Jewish World Review Oct. 21, 1999 /11 Mar-Cheshvan, 5760
Porter, Mack: heroes on medical research
THE MEDICAL RESEARCH CAUSE is losing two of its greatest congressional champions next year with the retirements of Rep. John Porter, R-Ill., and Sen. Connie Mack, R-Fla. -- which makes it vital to pass significant funding increases before they leave.
Porter's announcement last week that he's leaving Congress after 11 terms caused shock and dismay among research advocates even though they knew GOP term limits required him to step down as chairman of the subcommittee that funds health programs.
"He's a total hero on medical research," said Marguerite Donoghue, a lobbyist representing cancer and other disease groups. "His departure creates a big void."
Medical research advocates had anticipated that Porter would remain on the House Appropriations Committee and use his influence to continue working toward doubling the budget of the National Institutes of Health over a five-year period.
He apparently decided to quit because he was likely to become chairman of the committee's foreign operations subcommittee overseeing foreign aid -- which he supports but which House Republicans constantly want to slash.
Rumors that GOP leaders planned to deprive him any subcommittee chairmanship because of his moderation and independence are false, leadership aides say. "He is a moderate and he has criticized us a lot," said one top aide, "but he's been solid lately. Other people might not get a subcommittee or a full committee they're in line for, but not Porter."
In fact, Porter is heavily responsible for saving the GOP from a major embarrassment -- deep cuts in medical research -- and converting it into a substantive and political achievement.
In early 1995, the new House Republican majority passed a budget resolution calling for a 5-percent cut in funding for the National Institutes of Health and no increase for the next four years -- a net cut, after inflation, of 25 percent. The Senate passed a 10-percent first-year cut.
Porter, newly installed as chairman of the Appropriations subcommittee on Labor, Health and Human Services and Education, arranged for a half-dozen top U.S. scientists and CEOs of biomedical companies to meet with then-House Speaker Newt Gingrich, R-Ga. Gingrich, according to one scientist, declared, "There isn't a program in the U.S. government that can't be cut by 5 percent."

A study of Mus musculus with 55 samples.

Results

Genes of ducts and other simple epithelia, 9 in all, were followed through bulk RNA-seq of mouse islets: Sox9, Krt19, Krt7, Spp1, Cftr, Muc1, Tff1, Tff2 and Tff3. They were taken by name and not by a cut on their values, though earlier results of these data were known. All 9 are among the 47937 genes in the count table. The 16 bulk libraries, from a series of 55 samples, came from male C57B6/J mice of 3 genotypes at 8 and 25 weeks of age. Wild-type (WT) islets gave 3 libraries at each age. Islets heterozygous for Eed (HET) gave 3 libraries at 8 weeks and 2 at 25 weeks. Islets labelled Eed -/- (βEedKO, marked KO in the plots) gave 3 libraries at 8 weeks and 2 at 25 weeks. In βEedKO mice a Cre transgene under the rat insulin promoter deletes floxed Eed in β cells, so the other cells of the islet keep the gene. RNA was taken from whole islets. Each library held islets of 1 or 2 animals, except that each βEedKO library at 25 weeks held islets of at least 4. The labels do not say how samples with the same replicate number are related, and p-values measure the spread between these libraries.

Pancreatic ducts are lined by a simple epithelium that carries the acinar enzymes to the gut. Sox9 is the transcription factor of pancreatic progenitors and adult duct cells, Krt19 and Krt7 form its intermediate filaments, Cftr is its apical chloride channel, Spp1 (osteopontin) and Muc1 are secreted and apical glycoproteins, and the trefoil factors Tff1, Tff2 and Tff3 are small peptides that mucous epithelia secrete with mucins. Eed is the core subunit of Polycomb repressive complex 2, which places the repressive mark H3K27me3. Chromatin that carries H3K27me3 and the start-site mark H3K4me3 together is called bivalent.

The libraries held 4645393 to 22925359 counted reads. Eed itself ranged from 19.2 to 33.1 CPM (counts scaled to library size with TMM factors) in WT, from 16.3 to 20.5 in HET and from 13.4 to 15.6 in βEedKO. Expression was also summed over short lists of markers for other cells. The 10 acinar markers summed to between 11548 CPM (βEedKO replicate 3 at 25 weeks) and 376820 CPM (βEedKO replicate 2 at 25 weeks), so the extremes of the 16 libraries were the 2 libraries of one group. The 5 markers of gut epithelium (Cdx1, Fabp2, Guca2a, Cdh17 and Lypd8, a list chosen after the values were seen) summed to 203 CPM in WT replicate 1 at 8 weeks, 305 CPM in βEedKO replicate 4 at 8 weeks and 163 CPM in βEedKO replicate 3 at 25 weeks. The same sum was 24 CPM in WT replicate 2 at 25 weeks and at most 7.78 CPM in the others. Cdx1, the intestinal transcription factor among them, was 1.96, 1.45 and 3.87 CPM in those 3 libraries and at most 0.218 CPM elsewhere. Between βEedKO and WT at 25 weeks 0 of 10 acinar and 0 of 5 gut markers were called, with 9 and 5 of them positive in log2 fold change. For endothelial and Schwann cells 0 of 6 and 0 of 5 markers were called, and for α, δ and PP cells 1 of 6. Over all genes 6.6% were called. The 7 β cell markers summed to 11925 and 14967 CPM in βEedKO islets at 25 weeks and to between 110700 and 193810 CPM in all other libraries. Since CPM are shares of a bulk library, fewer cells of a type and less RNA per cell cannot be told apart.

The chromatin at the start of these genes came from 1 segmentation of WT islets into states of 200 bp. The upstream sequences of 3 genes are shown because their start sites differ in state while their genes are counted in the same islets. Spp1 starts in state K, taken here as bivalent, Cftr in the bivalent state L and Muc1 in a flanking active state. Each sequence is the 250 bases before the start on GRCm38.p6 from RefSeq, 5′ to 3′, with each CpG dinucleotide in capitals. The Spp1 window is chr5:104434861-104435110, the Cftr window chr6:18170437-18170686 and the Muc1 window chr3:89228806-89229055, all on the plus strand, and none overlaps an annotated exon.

The CEOs and scientists explained, however, that federally funded basic research was vital to the growth of the economy, including the pharmaceutical industry.
By the end of the meeting, Gingrich promised to reconsider the cuts and even showed around a book chapter he had written on the key role technology would play in America's future.
Later, Porter lobbied Gingrich and then-Senate Majority Leader Bob Dole, R-Kan., and got NIH and the Centers for Disease Control included in a bill containing items to be protected from planned budget cuts. In fact, NIH got a 5.7 percent increase.
Thanks to Porter and his opposite number in the Senate, Appropriations subcommittee on Labor, HHS, Education and related agencies Chairman Arlen Specter, R-Pa., NIH budgets have been rising ever since -- by an astounding 14.6 percent last year.
In the Senate GOP leadership, Mack has been a major advocate for doubling NIH over five years. He announced earlier this year that he will retire after 12 years in the Senate and six in the House.
Mack became a medical research advocate in the most painful way possible -- his brother and father died of cancer and he, his wife and daughter are all cancer survivors. Mack often tells audiences how NIH-funded research has developed treatments that completely eliminate melanomas of the type that killed his brother.
Porter, outwardly formal and unemotional, became a research advocate after listening to moving testimony in public hearings before his subcommittee. He remembers especially one woman in her 50s who appeared with her husband, a former Navy test pilot. The woman testified that a few years before, her husband had been afflicted with Alzheimer's disease.
"Now the love of my life does not even recognize me," Porter quoted her as saying. "His life expectancy is 35 years. I will care for him for the next 35 years but he won't know who I am."
In an interview this summer, Porter also recalled a set of twin children afflicted with rare Huntington's disease. "We saw them and heard from their parents for a few years," Porter said. "The condition is invariably fatal and, beforehand, they lose any control of their bodies or bodily functions.
"When you see people like these and you go out and see what the scientists at NIH are doing, you can't help but think that medical research is the best money that the federal government spends on anything."
Having succeeded last year in boosting NIH by 14.6 percent -- which would put the agency on a track to double over five years -- Porter, Mack and Specter have hopes of doing a repeat this year and another one next year.
If they succeed, it will establish a legacy to be proud of -- not only for them, but for Congress as a
JWR contributor Morton Kondracke is executive editor of Roll Call, the newspaper of Capitol Hill. Send your comments to him by clicking here.